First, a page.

Trying to make his way through ‘the swamp’
The Courier Times
Darrel Radford
August 18

Retired local restaurant owner David Gratner got a mouth full when he asked Sen. Mike Braun what it’s like being a newcomer in the place some call “the swamp.”

“When you look at Washington, D.C. and the 14,000 lobbyists out there, and I’m thinking about a new guy on the block who’s coming in, what’s that like?” Gratner asked Braun last week during a Chamber of Commerce event at the New Castle library.

“It’s part of the reason why the place doesn’t work,” Braun responded.

Indiana’s junior senator was both candid and determined in his remarks, seemingly wearing his reputation as an outsider and troublemaker for the Washington, D.C. establishment.

Braun shared one story that he thought exemplified the problems with big government. He said the profit of one major business, a firm he didn’t name, went down from $3.8 billion to $2.8 billion due to the pandemic. Leaders of that business came calling, asking “Is there anything the federal government can do for me?”

“They don’t like me,” Braun said of the Washington establishment. “Especially when I talk about Sen. Chuck Schumer getting $8.7 million into his PACs (political action committees) from hospitals.”

As reported in Saturday’s edition, Braun is trying to change health care with his “price transparency act.” But Braun said lobbyists are so strong in the nation’s capital, that “leadership in my party is pulling the transparency bill out of our proposal.”

“I come from Main Street,” Braun said, “small business. But that’s what runs our country,” he added, referring to powerful lobbyists and self-interests. “That’s why we have trillion dollar deficits annually. We just piled on $2.2 trillion with the COVID relief package and nobody seems to care.”

The problem as Braun sees it are those who win elections and go to Washington, D.C. are often not the same people who have experience running businesses.

“Most go there with great intentions,” Braun said. “Almost every lawyer who goes there intends to make a career out of it. And they’re smart. But they’ve never run anything, never had to make a budget.

“When I got there, there were 62 lawyers. We’re down to 60. Sen. Rick Scott from Florida, who served as a governor, grew up in public housing and built a business in the health care industry, agrees with everything I said about the need for pricing reforms.”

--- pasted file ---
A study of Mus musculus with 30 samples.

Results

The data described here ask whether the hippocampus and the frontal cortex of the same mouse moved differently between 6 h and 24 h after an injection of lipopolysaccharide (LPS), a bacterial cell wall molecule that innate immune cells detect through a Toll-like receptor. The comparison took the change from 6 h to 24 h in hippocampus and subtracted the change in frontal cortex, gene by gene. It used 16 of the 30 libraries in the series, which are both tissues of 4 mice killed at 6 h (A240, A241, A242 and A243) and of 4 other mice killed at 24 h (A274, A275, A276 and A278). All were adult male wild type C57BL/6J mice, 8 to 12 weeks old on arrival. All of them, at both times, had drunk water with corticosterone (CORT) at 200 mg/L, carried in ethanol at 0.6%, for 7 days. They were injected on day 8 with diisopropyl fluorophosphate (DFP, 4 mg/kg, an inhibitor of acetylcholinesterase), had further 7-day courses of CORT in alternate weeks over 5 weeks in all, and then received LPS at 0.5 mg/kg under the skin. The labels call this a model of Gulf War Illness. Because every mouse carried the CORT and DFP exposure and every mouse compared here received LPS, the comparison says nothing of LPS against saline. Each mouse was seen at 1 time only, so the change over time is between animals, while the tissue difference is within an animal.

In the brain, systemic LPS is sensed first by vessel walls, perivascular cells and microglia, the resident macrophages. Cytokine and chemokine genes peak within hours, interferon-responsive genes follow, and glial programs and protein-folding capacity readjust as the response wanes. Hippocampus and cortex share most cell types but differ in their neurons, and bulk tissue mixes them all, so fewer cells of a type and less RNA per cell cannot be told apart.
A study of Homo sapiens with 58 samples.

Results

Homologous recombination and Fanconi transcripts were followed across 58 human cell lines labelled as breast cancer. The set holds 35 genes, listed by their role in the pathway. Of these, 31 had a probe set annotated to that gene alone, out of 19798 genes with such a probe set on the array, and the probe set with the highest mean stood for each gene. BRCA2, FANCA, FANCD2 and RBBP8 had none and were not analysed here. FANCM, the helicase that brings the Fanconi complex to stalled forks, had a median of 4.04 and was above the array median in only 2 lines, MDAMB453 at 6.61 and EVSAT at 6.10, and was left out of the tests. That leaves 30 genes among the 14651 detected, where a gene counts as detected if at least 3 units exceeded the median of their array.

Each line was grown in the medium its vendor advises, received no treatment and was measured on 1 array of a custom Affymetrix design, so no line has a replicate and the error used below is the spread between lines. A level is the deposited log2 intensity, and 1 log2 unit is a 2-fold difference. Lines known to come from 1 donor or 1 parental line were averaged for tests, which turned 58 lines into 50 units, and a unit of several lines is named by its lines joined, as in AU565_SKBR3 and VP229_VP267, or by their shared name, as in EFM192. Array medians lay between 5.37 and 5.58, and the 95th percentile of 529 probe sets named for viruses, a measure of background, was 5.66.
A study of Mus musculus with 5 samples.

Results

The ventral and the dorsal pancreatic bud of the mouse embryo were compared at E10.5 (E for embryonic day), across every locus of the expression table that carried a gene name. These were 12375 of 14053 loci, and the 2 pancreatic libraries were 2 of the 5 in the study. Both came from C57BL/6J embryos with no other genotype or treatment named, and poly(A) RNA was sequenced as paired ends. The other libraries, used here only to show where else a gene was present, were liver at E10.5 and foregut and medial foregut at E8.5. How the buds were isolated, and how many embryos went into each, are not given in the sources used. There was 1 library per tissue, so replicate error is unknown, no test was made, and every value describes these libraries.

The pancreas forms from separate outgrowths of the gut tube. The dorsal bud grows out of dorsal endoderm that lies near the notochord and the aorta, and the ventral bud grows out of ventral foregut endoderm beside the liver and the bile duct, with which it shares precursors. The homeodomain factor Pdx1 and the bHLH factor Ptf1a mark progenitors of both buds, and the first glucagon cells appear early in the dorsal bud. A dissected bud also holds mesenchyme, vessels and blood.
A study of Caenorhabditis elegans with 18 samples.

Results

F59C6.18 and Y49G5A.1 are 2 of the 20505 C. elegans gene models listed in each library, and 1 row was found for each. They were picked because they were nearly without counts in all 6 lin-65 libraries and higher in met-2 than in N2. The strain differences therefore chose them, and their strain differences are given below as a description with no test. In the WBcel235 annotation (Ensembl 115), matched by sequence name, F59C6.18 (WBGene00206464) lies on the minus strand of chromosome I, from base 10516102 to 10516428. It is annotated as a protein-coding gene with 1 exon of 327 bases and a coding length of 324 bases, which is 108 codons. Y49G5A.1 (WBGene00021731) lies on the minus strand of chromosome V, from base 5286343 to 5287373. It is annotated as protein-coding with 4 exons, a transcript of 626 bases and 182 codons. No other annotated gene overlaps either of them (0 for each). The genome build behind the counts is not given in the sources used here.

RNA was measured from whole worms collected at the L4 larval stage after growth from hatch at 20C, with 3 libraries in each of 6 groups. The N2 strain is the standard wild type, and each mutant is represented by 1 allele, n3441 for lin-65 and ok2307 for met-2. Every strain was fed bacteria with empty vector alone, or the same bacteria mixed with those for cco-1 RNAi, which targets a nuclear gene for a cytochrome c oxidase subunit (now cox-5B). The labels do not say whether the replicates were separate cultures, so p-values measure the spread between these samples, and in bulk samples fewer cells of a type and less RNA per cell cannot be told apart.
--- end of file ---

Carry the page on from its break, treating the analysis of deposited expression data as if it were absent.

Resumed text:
The difference, Braun said, between him and others in Washington is his focus. He said solving problems is his goal, not winning elections.

“There’s some of us now who really don’t care about how you vote in terms of whether or not it’s going to extend your political career,” Braun said.

The difficult climate keeps more people like Braun from running, he said. But Braun expressed optimism that he sees the establishment “cracking” a bit.

Braun was praised by Marsha Gratner for receiving “incredibly high scores” when it came to upholding the U.S. Constitution. He joined Sens. Rand Paul (R-Kentucky) and (R-Utah) in that category.

“We’re the three who always vote on principle, not on what we might like personally,” Braun said. “That’s sad when that means 97 others don’t.”

Braun said spending deficits in this country will never be reined in until principle trumps pet projects.

“When it comes to why don’t Republicans who say they are fiscal conservatives do something to try to rein in this whole mess … it’s because we roll over for Democrats on anything they want to do domestically,” Braun said. “You’ll lose six Republicans who probably would have voted with the four of us but they’ve got defense in there, see. They’ve got something they’d like for their own backyard and their principal goes out…

“That means two-thirds of our party would be Democrat-like when it comes to spending money.”